NSA’s warrantless phone surveillance program gets green light

January 6, 2014

The recent ruling by the federal court has deepened the ongoing debate about the efficacy of warrantless surveillance by the government. Under the hammer is the National Security Agency’s (NSA) phone surveillance program, in which the organization collected enormous logs of phone calls maintained under a common database. A verdict that upheld the program conflicts with another judge’s decision, passed just 11 days earlier. This judge ruled that phone spying is unlawful and a violation of constitutional rights.

New ruling favors warrantless surveillance

Phone Surveillance

Image by: Josh Larios

On December 27, 2013, Judge William H. Pauley III ruled that NSA’s bulk telephone metadata collection is legal and “represents the Government’s counter-punch: connecting fragmented and fleeting communications to re-construct and eliminate al-Qaeda’s terror network.”

“While robust discussions are underway across the nation, in Congress, and at the White House, the question for this Court is whether the Government’s bulky telephony metadata program is lawful. This Court finds it is,” the ruling said.

Pauley believed that the phone surveillance program was a reasonable and vital tool in preventing major terrorist attacks like the one on September 11, 2001. He wrote that following the attacks, this vast collection of call detail records launched “a wide net that could find and isolate gossamer contacts among suspected terrorists in an ocean of seemingly disconnected data.” He also concluded that this kind of spying was less intrusive than the personal data that people voluntarily submit to transnational corporations, who in turn exploit the information for profit.

The previous verdict deems bulk metadata program “Orwellian”

U.S. District Judge Richard Leon’s December 16, 2013 ruling in Washington, D.C was the exact opposite of Pauley’s. The case was filed by a conservative activist and lawyer who said that the program violated his Fourth Amendment right against unreasonable search. The judge opined that such a massive collection and analysis of data “almost certainly does violate a reasonable expectation of privacy.”

Calling the bulk phone surveillance program unconstitutional, he wrote that there was no evidence suggesting “that a terrorist attack has ever been prevented because searching the NSA database was faster than other investigative tactics.”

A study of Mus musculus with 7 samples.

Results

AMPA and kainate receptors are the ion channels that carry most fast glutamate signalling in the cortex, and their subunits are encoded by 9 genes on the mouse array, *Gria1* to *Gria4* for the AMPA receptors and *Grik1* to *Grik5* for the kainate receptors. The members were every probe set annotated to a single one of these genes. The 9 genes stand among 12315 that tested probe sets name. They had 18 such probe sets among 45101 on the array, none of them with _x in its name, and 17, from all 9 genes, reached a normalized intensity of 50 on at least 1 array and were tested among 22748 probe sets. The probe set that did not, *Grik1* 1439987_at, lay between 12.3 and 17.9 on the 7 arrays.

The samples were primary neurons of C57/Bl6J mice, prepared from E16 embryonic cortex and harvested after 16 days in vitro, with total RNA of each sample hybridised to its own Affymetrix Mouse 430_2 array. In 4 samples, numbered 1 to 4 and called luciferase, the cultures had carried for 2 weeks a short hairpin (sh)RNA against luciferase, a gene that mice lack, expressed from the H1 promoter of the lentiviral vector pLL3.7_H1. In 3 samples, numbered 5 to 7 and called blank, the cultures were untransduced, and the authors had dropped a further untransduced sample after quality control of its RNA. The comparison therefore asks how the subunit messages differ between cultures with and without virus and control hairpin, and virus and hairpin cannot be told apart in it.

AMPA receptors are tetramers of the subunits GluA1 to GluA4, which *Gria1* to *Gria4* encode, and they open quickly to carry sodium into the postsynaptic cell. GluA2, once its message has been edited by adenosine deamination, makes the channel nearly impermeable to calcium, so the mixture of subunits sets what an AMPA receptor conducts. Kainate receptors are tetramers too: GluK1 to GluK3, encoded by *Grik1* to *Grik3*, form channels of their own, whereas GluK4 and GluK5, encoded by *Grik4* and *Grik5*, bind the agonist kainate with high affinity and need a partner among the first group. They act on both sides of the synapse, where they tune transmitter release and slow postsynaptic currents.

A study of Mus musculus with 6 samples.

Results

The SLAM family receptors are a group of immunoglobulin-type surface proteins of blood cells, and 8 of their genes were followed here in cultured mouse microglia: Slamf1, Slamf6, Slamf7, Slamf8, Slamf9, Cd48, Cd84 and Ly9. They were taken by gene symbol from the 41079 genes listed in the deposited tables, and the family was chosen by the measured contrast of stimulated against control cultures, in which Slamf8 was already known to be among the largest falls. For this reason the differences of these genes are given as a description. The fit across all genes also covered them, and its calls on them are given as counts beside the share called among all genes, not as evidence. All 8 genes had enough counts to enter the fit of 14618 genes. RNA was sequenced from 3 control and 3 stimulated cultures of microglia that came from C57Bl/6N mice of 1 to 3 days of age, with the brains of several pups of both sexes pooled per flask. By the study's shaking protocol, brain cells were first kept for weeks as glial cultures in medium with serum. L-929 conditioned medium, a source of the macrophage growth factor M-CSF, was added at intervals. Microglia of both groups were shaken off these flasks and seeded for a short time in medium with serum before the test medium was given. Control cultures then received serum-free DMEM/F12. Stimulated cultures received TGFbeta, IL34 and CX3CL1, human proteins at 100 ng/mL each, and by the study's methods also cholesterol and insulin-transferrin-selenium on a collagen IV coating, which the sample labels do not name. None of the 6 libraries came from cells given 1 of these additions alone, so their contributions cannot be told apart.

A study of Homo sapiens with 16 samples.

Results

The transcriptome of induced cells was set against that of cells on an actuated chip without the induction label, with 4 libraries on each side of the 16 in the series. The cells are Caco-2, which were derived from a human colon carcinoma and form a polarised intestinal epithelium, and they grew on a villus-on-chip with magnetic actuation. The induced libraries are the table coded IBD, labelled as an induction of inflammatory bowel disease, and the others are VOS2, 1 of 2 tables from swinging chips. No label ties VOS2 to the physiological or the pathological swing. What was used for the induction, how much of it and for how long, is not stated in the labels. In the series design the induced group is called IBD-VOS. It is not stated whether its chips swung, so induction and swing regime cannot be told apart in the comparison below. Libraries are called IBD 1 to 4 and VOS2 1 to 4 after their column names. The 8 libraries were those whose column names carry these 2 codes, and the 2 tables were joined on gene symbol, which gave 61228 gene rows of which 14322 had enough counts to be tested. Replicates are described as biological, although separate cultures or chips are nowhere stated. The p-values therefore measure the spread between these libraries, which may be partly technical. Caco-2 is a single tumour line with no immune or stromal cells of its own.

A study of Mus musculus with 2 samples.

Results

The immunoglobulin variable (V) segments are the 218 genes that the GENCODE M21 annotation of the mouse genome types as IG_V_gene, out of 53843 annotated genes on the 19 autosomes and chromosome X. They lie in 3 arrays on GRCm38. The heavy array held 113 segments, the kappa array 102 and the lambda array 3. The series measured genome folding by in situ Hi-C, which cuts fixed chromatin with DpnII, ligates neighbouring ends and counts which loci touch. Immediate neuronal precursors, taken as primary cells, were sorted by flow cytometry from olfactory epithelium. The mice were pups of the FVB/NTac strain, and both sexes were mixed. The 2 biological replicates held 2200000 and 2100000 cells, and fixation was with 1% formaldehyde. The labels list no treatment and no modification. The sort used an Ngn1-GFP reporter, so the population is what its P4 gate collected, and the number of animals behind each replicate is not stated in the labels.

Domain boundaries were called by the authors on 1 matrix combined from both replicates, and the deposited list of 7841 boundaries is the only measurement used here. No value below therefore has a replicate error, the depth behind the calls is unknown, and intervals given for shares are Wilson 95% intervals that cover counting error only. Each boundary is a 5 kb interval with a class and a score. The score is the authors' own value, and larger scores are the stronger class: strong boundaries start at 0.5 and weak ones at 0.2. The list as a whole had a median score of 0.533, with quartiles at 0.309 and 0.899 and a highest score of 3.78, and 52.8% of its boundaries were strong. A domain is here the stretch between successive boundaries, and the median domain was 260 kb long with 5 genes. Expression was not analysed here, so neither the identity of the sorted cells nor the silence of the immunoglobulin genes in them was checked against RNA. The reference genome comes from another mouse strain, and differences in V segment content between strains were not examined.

Leon labeled the mass spying as “almost Orwellian” and disagreed with the defenders’ arguments that a Supreme Court ruling in 1979 that allowed investigators to look at the phone logs of a robbery suspect also gave them the right to collect the phone records of almost all Americans.

Decision to be countered in a higher court

NSA’s mass surveillance programs have been under fire after shocking revelations made by the agency’s ex-contractor, Edward Snowden. The American Civil Liberties Union (ACLU), which filed the suit in New York in the wake of the revelations, is unhappy with Pauley’s decision. The ACLU appealed in the 2nd U.S. Circuit Court of Appeals on January 2.

Jameel Jaffer, a lawyer representing the group, says, “We are extremely disappointed with this decision, which misinterprets the relevant statutes, understates the privacy implications of the government’s surveillance and misapplies a narrow and outdated precedent to read away core constitutional protections.”

The presidential review group, which consists of a panel of five intelligence and legal experts, recommended a mid-way point last month, taking both the judgments into consideration. The panel says that the data should remain in the hands of the telecom companies or a private party, and “a court order should be necessary each time analysts want to access the information of any individual for queries and data mining.”

The panel report lists out 46 reforms, and adds that “Free nations must protect themselves, and nations that protect themselves must remain free.”